The term “fake news” is a gross misnomer: if it is fake, it cannot be news.
For that reason many academics, researchers and journalists prefer using the term “misinformation” as opposed to the colloquial “fake news”.
The term was popularised, and subsequently weaponised, by then-presidential candidate Donald Trump during his election campaign in 2016. He wielded it as a means to undermine news publications critical of his campaign. Ironically it was also during this time that social media (specifically Twitter and Facebook) was used to create and distribute fabricated stories under the guise of legitimate news, aimed at influencing the outcome of United States presidential race.
It would later become apparent that many of these groups were created and maintained by the Russian “Internet Research Agency”, a company based in St Petersburg with close ties to the Russian intelligence services.
Many would argue that the latest iteration of the phenomenon is the same book with a new cover. Whether it is propaganda, printed on pamphlets and distributed by hand, or a website sowing racial divisions on social media, the core purpose of misinformation is to inject falsehoods into the discourse.
We’ve also compiled a handy list of some of the terms.
What is misinformation?
Any publication that is intentionally engaged in creating or distributing false or inaccurate information as the real thing can be considered a misinformation site.
This should be distinguished from satire, which is a blatantly false form of social commentary meant to highlight certain aspects of society. Satire pages are usually clearly marked as such, and never attempt to present itself as real news. The Onion, and https://www.zanews.co.za/ are excellent examples of satire sites.
Why create and distribute these misinformation websites?
This differs from one misinformation site to the next, and is largely dependent on their owner’s motivations.
The main aim of most of the misinformation websites found on the internet is to make their owners money. These websites use advertisements (and even cryptomining through your browser) to monetise the traffic directed to the website. The sensational nature and shock factor of most fake news stories ensures that the sites get a lot of traction on social media.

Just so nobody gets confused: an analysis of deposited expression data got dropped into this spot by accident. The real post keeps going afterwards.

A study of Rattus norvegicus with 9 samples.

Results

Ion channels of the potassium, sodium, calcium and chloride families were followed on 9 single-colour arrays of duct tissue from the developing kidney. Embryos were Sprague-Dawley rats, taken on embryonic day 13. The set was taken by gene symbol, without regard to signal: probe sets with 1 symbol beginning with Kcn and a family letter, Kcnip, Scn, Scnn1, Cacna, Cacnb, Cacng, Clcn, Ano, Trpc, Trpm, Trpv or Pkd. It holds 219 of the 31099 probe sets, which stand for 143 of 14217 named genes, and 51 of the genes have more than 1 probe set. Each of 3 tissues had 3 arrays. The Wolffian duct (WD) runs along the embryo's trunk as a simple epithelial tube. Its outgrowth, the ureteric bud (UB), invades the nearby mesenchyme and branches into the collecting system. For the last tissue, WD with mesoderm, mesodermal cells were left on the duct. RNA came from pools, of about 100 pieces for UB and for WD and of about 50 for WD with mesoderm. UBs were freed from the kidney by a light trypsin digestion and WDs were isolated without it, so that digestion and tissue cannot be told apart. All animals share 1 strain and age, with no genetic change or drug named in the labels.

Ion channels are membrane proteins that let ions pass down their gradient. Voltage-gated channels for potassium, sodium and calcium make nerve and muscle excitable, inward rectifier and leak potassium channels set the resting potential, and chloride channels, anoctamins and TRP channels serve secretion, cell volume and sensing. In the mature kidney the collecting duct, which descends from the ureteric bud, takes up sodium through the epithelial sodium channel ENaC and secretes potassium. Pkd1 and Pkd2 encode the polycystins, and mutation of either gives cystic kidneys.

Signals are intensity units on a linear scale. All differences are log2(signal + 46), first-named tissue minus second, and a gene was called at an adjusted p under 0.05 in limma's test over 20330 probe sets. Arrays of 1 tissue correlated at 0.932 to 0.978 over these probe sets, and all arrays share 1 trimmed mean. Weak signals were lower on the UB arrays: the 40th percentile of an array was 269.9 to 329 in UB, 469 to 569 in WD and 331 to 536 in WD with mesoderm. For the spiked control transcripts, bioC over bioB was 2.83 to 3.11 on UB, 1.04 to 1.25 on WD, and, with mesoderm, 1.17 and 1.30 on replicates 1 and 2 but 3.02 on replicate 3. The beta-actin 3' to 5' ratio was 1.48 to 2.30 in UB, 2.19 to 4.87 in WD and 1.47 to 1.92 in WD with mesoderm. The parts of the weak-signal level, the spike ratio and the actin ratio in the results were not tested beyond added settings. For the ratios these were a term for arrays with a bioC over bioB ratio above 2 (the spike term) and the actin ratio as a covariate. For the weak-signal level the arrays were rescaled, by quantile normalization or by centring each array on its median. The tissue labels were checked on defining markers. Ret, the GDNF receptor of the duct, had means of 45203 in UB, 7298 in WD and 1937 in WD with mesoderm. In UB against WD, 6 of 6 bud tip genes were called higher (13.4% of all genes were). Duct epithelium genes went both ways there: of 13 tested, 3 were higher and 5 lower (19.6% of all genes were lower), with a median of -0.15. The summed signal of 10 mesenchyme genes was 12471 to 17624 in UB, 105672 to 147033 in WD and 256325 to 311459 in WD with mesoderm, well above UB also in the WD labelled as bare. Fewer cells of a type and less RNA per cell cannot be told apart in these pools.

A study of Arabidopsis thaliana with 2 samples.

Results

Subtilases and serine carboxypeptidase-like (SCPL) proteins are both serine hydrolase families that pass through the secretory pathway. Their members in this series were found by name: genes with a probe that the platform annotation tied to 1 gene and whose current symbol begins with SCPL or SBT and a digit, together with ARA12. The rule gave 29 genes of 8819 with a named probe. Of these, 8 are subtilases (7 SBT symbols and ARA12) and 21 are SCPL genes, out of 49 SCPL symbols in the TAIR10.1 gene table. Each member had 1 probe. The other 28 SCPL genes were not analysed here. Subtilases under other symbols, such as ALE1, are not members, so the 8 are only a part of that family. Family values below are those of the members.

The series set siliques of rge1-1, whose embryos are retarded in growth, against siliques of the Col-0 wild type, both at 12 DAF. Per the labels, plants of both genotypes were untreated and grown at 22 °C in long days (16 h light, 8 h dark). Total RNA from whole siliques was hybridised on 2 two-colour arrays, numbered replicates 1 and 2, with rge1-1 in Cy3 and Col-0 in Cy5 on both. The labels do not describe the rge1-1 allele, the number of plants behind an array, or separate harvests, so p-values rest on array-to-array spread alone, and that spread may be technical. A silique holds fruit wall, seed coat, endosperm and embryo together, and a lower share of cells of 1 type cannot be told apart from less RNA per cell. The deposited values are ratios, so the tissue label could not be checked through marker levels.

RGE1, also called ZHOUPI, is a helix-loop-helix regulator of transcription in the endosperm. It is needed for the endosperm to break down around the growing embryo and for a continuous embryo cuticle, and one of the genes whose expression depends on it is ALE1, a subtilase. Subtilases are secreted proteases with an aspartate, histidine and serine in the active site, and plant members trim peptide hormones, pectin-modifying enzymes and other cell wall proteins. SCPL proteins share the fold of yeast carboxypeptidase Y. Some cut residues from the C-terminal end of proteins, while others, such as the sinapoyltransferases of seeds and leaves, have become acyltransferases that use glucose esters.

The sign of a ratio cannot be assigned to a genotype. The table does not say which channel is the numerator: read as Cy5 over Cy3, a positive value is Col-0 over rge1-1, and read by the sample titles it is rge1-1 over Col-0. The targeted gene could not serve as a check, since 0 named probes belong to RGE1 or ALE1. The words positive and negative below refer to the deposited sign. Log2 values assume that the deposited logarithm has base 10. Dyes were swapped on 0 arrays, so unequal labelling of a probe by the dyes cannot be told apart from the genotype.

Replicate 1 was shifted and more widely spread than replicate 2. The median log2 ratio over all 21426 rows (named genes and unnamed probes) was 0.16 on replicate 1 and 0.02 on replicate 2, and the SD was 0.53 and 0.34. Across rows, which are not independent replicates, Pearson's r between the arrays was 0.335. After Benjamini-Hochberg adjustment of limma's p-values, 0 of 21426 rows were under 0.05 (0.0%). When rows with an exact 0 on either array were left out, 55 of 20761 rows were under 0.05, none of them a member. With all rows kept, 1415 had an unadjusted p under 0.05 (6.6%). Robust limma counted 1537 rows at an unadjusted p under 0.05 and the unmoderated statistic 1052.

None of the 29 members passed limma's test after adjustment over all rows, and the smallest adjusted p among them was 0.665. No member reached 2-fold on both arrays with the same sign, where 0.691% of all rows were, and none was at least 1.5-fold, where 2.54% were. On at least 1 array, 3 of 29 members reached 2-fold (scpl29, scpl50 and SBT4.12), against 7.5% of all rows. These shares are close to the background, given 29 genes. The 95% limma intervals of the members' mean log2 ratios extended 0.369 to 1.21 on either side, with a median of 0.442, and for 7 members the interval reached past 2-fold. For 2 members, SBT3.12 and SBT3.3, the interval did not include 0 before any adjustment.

Less frequently, the misinformation websites are purely for driving a political agenda. They serve to distract, disparage or even vindicate specific political interests. The WMCLeaks website was such an example.
Why should anyone care?
Despite being perpetrated online, the effects of disinformation are not only confined to the far reaches of social media and the internet.
In May of 2017, the KwaMashu informal settlement near Durban erupted into a series of sudden and xenophobic protests after a fake WhatsApp message blamed foreign nationals for a spate of child kidnappings in the area. Despite assurances from police that the stories were false, and that no increase in missing children had been reported, rampaging mobs looted foreign-owned shops based on the message’s claims
In January 2018, the rand spiked as another disinformation website, www.allafricanews.co.za , reported that former president Jacob Zuma had resigned. The same website frequently reported that local celebrities had died, sometimes reporting the same celebrity deceased twice in a single month. The story was fake, but the slick appearance of the website and a sprinkling of legitimate, but copied, content from credible news websites fooled the markets into a 1% increase in the rand.
By exploiting emotional and controversial topics in order to make a buck, these websites place an additional and uncessary strain on our country’s already stretched social fabric.
Who are behind these sites?
Tracking down the owners is not an easy task. For obvious reasons, very few of the websites want to disclose their owners’ details. Finding the owners entails digging through website registration records, archived copies of their websites, the website source code, and some good old fashioned social media stalking.
News24 has investigated some of the most prominent misinformation websites, and done most of the hard work for you.
How can I tell if a website is misinformation?
A few handy pointers when trying to determine if a website is dodgy or not:
- Can you find a physical address on the website’s ‘Contact Us’ or ‘About’ pages?
- Can you identify any of the authors of the articles on the website?
- Can you find other, credible publications running with the same story?
- Does the headline seem exaggerated or irrelevant to the content of the article?
These questions point to accountability: if the website is willing to accept responsiblity for what it publishes, chances are they will take steps to ensure it is accurate and truthful.
Answering these four questions should provide you with a reasonable idea whether the website is trustworthy or not. As a general rule of thumb, always be critical of the news you consume.